In my 4th test I used a traditional method that is still used in some courses today: the transfer of patterns using blueprint paper.

For this I used blue carbon paper from the Kores company. Black paper is not suitable because the lines cannot be washed out.

Since I hadn’t used this method for a very long time and wasn’t sure whether the blue lines of today’s paper could be washed out, I first tried it without embroidery. Lines of various intensities were traced on a remnant of linen.

In the short laundery with lukewarm water, the weaker lines disappeared immediately. A very slight shimmer remained from the stronger lines, which is barely noticeable on the natural-coloured linen.

Encouraged by this, I made further attempts. The blueprint paper – large enough for the design area – was positioned on the linen marked with Running stitch lines, and attached with removable tape.

The sheet with the design – here 90 g tracing paper – was placed on top meeting the marking lines and also attached with removable tape.

For my first attempt – see below – I chose a medium-soft surface. Also, I didn’t press very hard when tracing the lines. This made the outlines appear rather weak. Nevertheless, I was able to recognize them until the end and to embroider along them. The pen did not drill its way through the design paper. If you use thinner paper with the design on it, you can prevent it from breaking through by putting a piece of a thin transparent folder over it.

In some places the outlines ran clearly next to the embroidery.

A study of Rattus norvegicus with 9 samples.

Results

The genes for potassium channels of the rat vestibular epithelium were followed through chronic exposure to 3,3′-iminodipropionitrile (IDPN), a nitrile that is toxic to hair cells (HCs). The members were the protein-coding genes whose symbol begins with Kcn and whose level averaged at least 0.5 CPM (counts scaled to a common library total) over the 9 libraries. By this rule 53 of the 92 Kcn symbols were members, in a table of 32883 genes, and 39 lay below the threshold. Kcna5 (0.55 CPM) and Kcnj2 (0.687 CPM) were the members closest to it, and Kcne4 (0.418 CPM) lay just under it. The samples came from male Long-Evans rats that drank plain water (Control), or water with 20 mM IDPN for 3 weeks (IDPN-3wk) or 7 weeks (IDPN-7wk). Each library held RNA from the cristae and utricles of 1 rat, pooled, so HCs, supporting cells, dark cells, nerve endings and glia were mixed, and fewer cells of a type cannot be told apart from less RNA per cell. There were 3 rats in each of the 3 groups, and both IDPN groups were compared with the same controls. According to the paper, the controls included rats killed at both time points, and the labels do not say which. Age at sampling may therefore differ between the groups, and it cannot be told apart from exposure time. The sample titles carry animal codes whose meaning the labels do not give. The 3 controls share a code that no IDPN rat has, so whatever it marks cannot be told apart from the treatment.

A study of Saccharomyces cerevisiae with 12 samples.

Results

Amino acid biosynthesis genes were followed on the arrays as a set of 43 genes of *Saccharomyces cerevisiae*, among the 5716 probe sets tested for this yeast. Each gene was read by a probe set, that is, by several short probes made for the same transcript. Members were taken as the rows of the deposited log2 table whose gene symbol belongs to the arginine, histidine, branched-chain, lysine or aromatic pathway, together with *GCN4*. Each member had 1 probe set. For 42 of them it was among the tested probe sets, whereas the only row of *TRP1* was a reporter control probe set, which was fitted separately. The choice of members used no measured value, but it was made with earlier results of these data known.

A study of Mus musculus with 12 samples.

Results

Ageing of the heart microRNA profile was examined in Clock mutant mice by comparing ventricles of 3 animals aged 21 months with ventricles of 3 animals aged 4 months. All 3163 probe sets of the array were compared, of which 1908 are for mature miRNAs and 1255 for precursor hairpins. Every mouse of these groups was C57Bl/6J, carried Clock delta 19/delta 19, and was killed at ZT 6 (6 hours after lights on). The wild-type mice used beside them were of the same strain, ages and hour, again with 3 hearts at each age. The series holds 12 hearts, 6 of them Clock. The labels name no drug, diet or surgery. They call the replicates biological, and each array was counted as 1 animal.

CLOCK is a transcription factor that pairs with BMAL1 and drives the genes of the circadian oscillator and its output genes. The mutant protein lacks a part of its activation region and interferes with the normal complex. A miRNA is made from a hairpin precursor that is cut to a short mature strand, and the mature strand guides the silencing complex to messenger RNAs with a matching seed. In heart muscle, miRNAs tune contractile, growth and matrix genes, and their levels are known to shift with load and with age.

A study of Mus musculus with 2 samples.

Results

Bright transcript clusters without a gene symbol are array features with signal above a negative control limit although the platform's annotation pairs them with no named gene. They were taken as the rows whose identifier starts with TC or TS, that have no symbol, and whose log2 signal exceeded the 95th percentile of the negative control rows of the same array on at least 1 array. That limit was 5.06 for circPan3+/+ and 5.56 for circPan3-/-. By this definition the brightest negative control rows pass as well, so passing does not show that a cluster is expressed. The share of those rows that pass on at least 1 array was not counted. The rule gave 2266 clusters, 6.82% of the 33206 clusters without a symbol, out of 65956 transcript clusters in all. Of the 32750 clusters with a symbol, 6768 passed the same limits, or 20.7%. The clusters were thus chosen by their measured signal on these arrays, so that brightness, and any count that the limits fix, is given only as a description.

After a short hand-warm laundry with mild detergent and a little rubbing, the lines were only vaguely visible.

After drying, they were completely gone.

On my second attempt, I worked on a hard surface and pressed very hard. As a result, I felt the many small jumps again while recording, which were caused by the constant up and down of the pen tip when crossing the fabric threads. That had a disruptive effect on the lines, which in some places seem quite wobbly.

Overall, however, I was very satisfied with the result – the lines are fine and yet clearly visible.

To see if the lines smudge or fade over time, against all common practice, I almost completely finished the embroidery before working on the last branch.

The outlines had lost none of their clarity.

Before washing, one could clearly see the lines not covered by the embroidery in some places.

After a short hand-warm wash with mild detergent, the lines have disappeared without a trace.

The transfer of a design using blue carbon paper is therefore quite possible. However, I have only tested this method here on natural coloured, durable pressed linen. A test on white linen is still pending.